Man-shower becomes shampoo museum

Published 12:00 am Wednesday, March 7, 2001

I take showers.

Wednesday, March 07, 2001

I take showers. My wife takes baths. It is a good thing I take showers and she takes baths because it puts us in different bathrooms. Men and women should not share the same bathroom. It’s not natural.


My wife used to take showers instead of baths. When she did that, there was no room for me in the shower. Women have a lot of stuff that they bring to the bathing process. We had shelves in our shower. No shower should have shelving. Actually, our shower needed more than shelving– it needed a closet.

I looked at the shelves in our shower one morning. It was like the history of shampoo. Little bottles everywhere. Little bottles with tiny print on the back. Extremely fine print. You would think that the shampoo people had something to hide. I normally do not wear my eyeglasses when I am in the shower, so I am unable to read any of the small print on the back of these containers. I probably could not read them even if I was wearing my glasses. Why do companies do this to us? They must know the aggravation and torment it causes. Some sadistic guy who runs the labeling department must laugh himself to sleep every night. I was forced to pick one of the bottles and hope that it was shampoo and not Nair. Sort of a Russian roulette for hair.

There was everything but the kitchen sink in the shower. My wife filled the shower with loofah sponges, body washes, nail brush, facial washes, baby oil, cream cleansers, conditioners, wrinkle relaxers, skin rejuvenators, exfoliates, shower gels, razors, bars of soap in 19 different colors, liquid soap, wash rags (I’m guessing there is one for the face, one for the arms, one for the legs and one for whatever is left over), brushes on a stick, pumice stones, a rubber ducky and sponges that weren’t quite good enough to be loofahs. Just outside the shower stall were enough towels to supply a major hotel chain. One of the towels was slightly larger in size than the state of North Dakota.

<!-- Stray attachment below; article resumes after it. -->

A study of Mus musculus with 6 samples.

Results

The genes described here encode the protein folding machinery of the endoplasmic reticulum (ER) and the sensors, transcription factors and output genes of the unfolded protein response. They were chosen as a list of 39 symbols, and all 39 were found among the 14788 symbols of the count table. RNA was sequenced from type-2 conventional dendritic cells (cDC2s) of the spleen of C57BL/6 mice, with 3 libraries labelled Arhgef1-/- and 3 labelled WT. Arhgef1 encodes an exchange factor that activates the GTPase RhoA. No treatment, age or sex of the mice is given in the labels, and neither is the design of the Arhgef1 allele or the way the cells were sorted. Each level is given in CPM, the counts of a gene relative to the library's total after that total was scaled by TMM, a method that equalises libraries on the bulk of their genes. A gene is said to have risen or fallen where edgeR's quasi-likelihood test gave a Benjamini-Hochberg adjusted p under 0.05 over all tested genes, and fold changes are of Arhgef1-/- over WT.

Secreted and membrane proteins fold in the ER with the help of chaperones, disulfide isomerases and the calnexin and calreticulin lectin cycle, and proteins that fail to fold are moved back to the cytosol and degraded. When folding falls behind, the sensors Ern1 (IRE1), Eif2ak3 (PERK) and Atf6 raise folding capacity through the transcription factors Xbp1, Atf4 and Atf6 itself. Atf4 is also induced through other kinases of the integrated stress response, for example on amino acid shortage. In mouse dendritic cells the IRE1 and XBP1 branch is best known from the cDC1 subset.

And then there were the shampoos. Lines of endless bottles of various shapes, sizes and scents. &uot;I’m going to wash that man right out of my hair,&uot; is more than just a line from a song – it’s a definite possibility. I guess cleanliness is next to shampoo.

It was a regular shampoo hall of fame. Shampoos that are vitamin enriched. Shampoos that smell like a cucumber. Herbal shampoos. Use some of these shampoos and you’ll have monkeys breaking out of the zoo just to lick your head. Now I like being clean as well as the next person, but what could I possibly do with so much shampoo?

I made the mistake of mentioning the shampoo museum to my wife, The Queen B, one day. I brought to her attention that some of the shampoo had hardened to a petrified state and that it made for a very interesting display and that we should open a shampoo museum. I told her that we could charge admission, sell memberships and apply for grants. We could hire a researcher and offer tours to school and church groups. I laughed. She didn’t. She took all of her things out of the shower and left in a huff. She should have used a U-Haul trailer instead of a huff.

Actually she left in a number of huffs, making numerous trips carrying her shower stuff from my basement shower to her upstairs bath. I looked in my shower after she vacated it. I could not believe the room in there. It was like a bowling alley. My wife’s stuff had filled most of the shower. My one little bottle of shampoo, my bar of soap (actually a sliver of soap as I do not believe I have ever used a new bar) and my wash rag looked like three beans bouncing around in a boxcar. It was so spacious in my shower that I considered taking in boarders. I figured I could rent out the shower as an efficiency apartment and make enough money to pay for my wife’s bathing supplies.

I probably won’t mention my idea to The Queen B. There are a lot of things women don’t understand about men. There is only one thing that men do not understand about women – and that is everything.

Hartland resident Al Batt writes columns for the Wednesday and Sunday editions of the Tribune.